Trump talks about trade, North Korea in Japan, South Korea

President Trump at Yokota Air Base in Japan on the first full day of his Asia visit. Photo: AP

US President Donald Trump began his first Asia trip on November 5, with Japan and South Korea, the most important allies of America in the region, being his first two stops.

In a speech after Air Force One landed at Yokota Air Base in Tokyo on November 5, Trump called for building a "free and open Indo-Pacific" region. "We will seek new opportunities for cooperation and commerce, and we will partner with friends and allies to pursue a free and open Indo-Pacific region," Trump said in the speech. "We will seek free, fair and reciprocal trade."

Trump's new approach to Asia is seen by some experts as a challenge to China. "China should be cautious (about the new approach to Asia). At first, (China) should know the US bottom line and intentions (of this new policy)," Zhu Feng, head of the Institute of International Relations at Nanjing University, told

Economic and trade cooperation, regional security and issues on the Korean Peninsula will be the key discussion points during Trump's tour of Asia, said Diao Daming, an international strategy researcher at Renmin University..

Focus on Indo-Pacific region

Trump's Indo-Pacific strategy has attracted close attention from Chinese media and experts.

Ahead of Trump's Asia trip, Trump's national security adviser H.R. McMaster described the building of a free and open Indo-Pacific region as one of the three major tasks for the president's Asia trip.

Xiakedao, the WeChat account of the People's Daily's overseas edition, has run an in-depth article, which said that Trump's Indo-Pacific policy weakened China's regional influence and put maritime activities under the spotlight.

"To some extent, the Indo-Pacific policy shows the continuity of Obama's pivot to Asia strategy aimed at containing China," said Diao. If India can join the Indo-Pacific bloc, the US would be better able to contain China, which has great political and economic say in the region, noted Diao.

Zhu said that Trump's policy toward the Asia-Pacific region would take shape after this Asia trip, which he said will serve as a good opportunity for Chinese policymakers to learn more about America's foreign policy.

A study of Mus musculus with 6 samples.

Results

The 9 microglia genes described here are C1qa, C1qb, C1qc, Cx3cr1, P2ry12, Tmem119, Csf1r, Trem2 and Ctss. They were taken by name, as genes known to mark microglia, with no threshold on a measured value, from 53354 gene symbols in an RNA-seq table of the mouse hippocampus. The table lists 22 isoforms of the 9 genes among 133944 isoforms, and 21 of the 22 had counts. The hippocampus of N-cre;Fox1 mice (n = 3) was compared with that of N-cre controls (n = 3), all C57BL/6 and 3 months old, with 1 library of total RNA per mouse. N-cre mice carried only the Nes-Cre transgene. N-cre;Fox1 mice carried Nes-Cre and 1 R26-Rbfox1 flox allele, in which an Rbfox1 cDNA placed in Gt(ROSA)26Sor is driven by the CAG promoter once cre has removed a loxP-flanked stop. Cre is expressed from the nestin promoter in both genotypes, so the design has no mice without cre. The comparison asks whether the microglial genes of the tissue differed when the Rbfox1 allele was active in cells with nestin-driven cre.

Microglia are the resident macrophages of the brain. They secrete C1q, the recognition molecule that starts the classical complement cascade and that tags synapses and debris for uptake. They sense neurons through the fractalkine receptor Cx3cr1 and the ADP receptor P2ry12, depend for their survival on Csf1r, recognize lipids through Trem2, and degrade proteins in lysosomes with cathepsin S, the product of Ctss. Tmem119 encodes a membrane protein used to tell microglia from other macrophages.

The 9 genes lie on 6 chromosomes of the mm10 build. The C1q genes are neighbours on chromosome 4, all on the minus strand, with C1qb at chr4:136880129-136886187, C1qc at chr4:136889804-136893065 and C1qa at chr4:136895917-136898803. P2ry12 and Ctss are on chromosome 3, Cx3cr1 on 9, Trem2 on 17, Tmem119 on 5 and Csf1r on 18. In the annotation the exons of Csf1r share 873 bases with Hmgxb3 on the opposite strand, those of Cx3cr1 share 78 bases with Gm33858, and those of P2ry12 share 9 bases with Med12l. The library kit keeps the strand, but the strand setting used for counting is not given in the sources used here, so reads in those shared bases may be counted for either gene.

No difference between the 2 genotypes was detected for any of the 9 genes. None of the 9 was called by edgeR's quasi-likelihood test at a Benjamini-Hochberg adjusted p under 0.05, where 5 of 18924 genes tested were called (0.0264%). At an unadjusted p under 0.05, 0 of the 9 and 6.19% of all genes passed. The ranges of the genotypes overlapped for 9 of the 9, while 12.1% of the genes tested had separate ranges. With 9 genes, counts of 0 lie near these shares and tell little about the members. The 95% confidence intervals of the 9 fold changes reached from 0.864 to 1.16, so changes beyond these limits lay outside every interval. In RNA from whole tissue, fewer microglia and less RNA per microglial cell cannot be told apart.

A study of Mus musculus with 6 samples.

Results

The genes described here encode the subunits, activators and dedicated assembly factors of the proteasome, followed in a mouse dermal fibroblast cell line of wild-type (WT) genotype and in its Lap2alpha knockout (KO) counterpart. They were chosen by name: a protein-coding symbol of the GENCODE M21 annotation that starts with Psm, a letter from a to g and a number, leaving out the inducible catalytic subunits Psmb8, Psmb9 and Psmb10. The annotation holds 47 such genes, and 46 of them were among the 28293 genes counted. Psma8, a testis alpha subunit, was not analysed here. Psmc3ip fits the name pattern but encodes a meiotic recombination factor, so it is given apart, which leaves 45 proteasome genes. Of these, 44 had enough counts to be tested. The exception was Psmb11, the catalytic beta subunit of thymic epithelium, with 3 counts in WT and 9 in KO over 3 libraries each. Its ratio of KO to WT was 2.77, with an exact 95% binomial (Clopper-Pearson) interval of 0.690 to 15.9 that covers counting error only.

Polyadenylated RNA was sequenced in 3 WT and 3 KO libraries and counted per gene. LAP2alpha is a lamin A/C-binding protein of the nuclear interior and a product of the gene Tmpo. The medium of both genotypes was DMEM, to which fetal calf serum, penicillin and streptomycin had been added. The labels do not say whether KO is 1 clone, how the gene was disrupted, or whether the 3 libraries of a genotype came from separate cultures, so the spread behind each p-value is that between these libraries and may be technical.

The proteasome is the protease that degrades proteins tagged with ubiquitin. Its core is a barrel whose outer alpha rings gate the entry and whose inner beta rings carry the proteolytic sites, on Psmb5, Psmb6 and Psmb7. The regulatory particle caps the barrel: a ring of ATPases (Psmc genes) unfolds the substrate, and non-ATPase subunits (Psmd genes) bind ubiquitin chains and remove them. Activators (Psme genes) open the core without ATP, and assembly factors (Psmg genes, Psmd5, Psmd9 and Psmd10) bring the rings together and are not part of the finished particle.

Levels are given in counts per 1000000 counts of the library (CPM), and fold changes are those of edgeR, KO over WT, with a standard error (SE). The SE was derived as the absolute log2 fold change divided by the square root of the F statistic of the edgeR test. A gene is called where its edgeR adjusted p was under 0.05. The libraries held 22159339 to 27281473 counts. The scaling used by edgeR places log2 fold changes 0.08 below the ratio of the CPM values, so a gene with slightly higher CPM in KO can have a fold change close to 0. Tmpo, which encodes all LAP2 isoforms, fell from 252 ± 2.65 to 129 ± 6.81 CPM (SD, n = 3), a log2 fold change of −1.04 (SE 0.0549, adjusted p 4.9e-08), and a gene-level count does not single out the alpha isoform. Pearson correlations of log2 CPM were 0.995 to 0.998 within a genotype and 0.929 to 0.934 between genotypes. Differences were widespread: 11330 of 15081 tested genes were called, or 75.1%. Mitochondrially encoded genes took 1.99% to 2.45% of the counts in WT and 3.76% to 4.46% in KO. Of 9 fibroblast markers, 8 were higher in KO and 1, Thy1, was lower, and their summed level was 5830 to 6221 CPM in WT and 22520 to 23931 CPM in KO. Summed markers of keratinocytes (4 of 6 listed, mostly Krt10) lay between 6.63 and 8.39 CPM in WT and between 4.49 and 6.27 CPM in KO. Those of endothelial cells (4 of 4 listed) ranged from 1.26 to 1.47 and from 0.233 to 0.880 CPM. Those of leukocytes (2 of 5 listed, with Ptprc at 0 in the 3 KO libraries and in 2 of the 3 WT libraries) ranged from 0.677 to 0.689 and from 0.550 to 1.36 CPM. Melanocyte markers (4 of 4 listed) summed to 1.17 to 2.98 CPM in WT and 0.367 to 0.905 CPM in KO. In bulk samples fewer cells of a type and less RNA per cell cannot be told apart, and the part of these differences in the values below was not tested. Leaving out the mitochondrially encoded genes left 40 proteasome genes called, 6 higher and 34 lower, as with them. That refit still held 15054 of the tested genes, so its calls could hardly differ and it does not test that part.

Some analysts believed that Japan would become an important chess in Trump's new foreign policy, as Yokota Air Base in Tokyo actually plays a role in coordinating the two allies' troops in case of conflicts in the Indo-Pacific region.

In his speech delivered at the military base on November 5, Trump reiterated the great importance of Japan as an American ally in the region.

Unclear attitude toward North Korea

Trump seemed to take a vague stance on North Korea, compared with his previous hardline stance toward the isolated country.

In his speech in Japan on November 5, the president did not directly criticize Pyongyang for its nuclear ambition. Instead, he just said "no one — no dictator, no regime and no nation — should underestimate, ever, American resolve."

In South Korea, the second stop of his Asia trip, Trump urged North Korea to "do the right thing, not only for North Korea but for humanity all over the world". "I do see certain movement, yes, but we will see what happens," Trump said at a joint news conference with South Korean President Moon Jae-in on November 7.

The rhetoric was interpreted by the media as a sign that Trump is taking a softer stance on North Korea.

Before starting his Asia trip, Trump said that he is "open" to sitting down with Kim-Jong-un, in a sign of goodwill.

Thorny economic and trade issues

Both in Japan and South Korea, Trump reiterated the unfairness of trade, vowing to build free, fair and reciprocal trade.

However, Japanese media reported that there were still many differences between Japan and the US in the areas of bilateral trade agreement, trade deficit and imports of beef and automobiles.

Trump pressed Japan to lower its trade deficit of almost $70 billion with the US, and urged South Korea to buy more US military hardware to reduce its trade deficit with the US.

Some Chinese experts said that trade imbalance would also be an important issue to be discussed during Trump's meeting with Chinese President Xi Jinping.

"The US understanding about US trade deficit with China needs to be corrected during the Xi-Trump meeting, because the two countries have different positions in the global industrial chain," Teng Jianqun, a senior research fellow at the Center for China and Globalization, a non-governmental think tank in China, told

"The China-US relationship has entered the phase of 'new normal', in which the two countries should explore new markets in areas of tourism, immigration and investment," said Teng.